Let the politickin’ begin

Eric Cravey
Eric Cravey
Posted

It was a day of solidarity and unity and it sent a huge message to those in elected office in 2016.

Hundreds of Clay County teachers crammed into the Teacher Training Center at Fleming Island High to attend a quasi-judicial hearing the school board was holding after an administrative law judge recommended the district end its impasse over the teacher’s union contract negotiations.

Months of stressful and boisterous school board meetings forced members of the Clay County Education Association union to search for a creative way to voice their opposition to the board’s actions and debate during the “hearing.”

When contentious subjects arose in the board’s discussion, an unforgettable sound of fluttering filled the room as if a swarm of doves was taking flight from Trafalgar Square. Clad in red union golf shirts, teachers bonded together and held up simple white sheets of 8-and-a-half by 11-inch paper baring the words “We Will Vote You Out in August” printed in black. No spoken words or jeering, just a unified message without a threat or boos or other disdainful speech.

The 9 a.m. hearing was held at such an inconvenient time that teachers were forced to use personal days off to attend and take part in the decision-making process.

Board member Janice Kerekes started the meeting by asking then-chairman Johnna McKinnon if she could have a point of order to voice her objection for holding the meeting at what was viewed an inconvenient time. Her objection was met with claps and vocal cheers from the approximately 300 attendees.

“Your objection is noted,” McKinnon responded.

Kerekes went on to offer a motion that the entire meeting and its agenda be tabled and re-scheduled for a time that was more convenient for teachers and other “stakeholders” to be able to attend. Board member Carol Studdard seconded Kerekes’ motion, which was voted down 3-2, with McKinnon and board members Betsy Condon and Ashley Gilhousen joining her.

Kerekes then went on to make a motion to lift any time limits for those who wished to speak at the hearing despite at the outset of the meeting, McKinnon stating that citizen comments were going to be limited to 30 minutes total before the board would discuss the merits of the administrative law judge’s recommendations about collective bargaining.

Kerekes’ request was met again with applause and overt joy.

When that motion was also killed on a 3-2 vote by the same board players, Studdard asked why Superintendent Charlie Van Zant Jr. was sitting at the dais with the board.

Then, Tracy Butler, who represented the CCEA at the time, took to the audience podium to say how she believed Van Zant was sitting at the dais “as an intimidation factor.”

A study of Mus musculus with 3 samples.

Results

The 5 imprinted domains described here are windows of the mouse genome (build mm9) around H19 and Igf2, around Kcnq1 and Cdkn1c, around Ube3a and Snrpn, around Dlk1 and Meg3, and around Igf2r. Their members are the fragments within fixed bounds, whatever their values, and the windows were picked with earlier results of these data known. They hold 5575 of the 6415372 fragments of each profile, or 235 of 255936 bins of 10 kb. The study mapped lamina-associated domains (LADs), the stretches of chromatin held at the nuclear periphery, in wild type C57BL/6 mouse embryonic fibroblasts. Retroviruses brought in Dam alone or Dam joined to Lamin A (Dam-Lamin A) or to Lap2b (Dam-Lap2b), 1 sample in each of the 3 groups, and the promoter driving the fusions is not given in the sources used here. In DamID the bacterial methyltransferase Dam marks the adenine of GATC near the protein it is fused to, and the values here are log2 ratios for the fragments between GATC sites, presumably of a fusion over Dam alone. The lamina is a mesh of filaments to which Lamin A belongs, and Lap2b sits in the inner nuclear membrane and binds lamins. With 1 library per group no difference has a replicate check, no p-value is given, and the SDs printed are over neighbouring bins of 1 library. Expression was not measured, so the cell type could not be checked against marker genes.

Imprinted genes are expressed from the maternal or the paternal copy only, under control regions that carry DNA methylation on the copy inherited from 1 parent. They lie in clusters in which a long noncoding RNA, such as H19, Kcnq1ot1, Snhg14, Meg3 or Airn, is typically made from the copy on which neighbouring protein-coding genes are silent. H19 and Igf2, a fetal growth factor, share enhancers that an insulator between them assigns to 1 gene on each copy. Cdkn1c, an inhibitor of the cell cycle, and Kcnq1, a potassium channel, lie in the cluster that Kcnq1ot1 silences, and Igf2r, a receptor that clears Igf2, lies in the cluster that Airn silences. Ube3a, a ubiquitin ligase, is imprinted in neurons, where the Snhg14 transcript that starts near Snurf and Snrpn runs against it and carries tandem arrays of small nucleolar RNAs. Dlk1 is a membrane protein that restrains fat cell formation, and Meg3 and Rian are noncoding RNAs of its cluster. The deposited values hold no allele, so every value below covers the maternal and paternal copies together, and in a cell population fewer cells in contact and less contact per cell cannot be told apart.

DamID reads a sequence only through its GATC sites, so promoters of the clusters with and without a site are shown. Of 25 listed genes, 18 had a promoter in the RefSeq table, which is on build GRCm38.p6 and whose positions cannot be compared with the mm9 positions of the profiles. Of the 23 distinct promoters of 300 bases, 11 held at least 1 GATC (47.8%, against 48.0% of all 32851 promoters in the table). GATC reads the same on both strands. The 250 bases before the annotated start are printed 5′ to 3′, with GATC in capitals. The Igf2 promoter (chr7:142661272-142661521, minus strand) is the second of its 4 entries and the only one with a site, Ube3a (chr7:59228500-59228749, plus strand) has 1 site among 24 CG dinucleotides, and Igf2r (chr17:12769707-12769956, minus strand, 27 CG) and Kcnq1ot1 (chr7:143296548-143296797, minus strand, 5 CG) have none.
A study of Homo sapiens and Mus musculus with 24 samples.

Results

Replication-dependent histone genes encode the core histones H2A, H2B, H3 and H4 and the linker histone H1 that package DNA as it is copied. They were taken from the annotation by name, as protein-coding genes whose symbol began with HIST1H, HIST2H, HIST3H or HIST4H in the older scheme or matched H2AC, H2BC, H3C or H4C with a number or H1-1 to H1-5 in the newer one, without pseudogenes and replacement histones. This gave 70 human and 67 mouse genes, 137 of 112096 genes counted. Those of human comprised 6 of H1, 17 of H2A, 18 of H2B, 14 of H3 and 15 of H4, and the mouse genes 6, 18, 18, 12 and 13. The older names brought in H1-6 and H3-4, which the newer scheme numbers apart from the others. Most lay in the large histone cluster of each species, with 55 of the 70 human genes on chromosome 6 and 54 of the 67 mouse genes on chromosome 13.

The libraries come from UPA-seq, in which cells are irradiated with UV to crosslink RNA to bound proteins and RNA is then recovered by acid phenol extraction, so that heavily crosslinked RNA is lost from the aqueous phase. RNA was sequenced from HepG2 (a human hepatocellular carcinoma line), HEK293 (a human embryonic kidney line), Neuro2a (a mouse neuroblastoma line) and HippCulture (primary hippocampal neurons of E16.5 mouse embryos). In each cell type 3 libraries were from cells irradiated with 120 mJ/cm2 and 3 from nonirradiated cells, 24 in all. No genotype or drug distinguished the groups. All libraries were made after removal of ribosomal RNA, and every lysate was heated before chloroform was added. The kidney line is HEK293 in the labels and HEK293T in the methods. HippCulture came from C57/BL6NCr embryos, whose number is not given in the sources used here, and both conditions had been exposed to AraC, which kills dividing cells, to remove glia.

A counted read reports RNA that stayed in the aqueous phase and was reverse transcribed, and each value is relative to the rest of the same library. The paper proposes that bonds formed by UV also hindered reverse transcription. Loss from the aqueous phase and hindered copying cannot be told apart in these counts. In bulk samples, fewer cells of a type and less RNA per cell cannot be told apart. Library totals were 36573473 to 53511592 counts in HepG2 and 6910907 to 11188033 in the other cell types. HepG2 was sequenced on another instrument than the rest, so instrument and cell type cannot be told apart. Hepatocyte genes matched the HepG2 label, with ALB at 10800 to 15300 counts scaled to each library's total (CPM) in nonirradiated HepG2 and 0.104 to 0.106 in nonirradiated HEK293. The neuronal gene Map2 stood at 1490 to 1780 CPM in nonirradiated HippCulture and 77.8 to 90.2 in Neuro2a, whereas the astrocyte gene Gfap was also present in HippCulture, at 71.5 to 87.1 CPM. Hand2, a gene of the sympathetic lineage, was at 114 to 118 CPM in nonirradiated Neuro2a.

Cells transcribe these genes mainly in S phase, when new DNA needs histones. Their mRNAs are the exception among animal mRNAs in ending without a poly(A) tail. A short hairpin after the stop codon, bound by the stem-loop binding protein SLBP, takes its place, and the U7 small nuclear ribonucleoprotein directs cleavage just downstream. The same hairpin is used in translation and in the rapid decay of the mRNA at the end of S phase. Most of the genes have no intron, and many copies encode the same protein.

The tension was obvious from the beginning. The hearing would go on to last more than 2 hours and end with a 3-2 vote to deny the magistrate’s report leaving the teacher contract at status quo. School district officials cited state mandates to shore up its fund balance to three percent instead of providing teacher raises. Superintendent Charlie Van Zant Jr. said his recommendations were based on “the fiscal reality of the school district.”

“I wrote down what I wanted to say to make sure I’d get it all in and I don’t appreciate those comments,” said Gihousen, responding to an audience member who alleged she was reading from a statement prepared by Van Zant.

By the end of the meeting, the tension had evolved into fear as she asked a Clay County Sheriff’s deputy to escort her out of the building.

Fast forward to 2018 where Gilhousen is in the midst of her first-ever re-election campaign for the District 5 seat on the Clay County School Board. One glimpse of her direct mail campaign card that went out to voters last weekend and it’s clear to see what her priorities are not.

Put simply, it reads like she is a politician, not someone who cares for teachers or children. In fact, the word student appears on the mail piece one solitary time. The word teachers or teacher is nowhere to be found on the piece.

What she focuses on are political buzzwords, such as “conservative,” “leader,” and “school choice,” which translates into charter schools. And it’s a well-documented fact that her children attend St. Johns Classical Academy, the first-year charter school whose board president is her mother, Diane Hutchings, who is also a county commissioner.

There are some 5,000 employees of the Clay County School District who should read Gilhousen’s mail piece and decide for themselves who has their back going forward.

And it wouldn’t surprise that when school board term limits get voted in in November – which they likely will since Rick Scott has made them a hot-button issue again this year, as a state constitutional amendment – that Gilhousen, if re-elected doesn’t bounce over and try and run for County Commission or some other seat in the future, because, after all, once a politician, always a politician.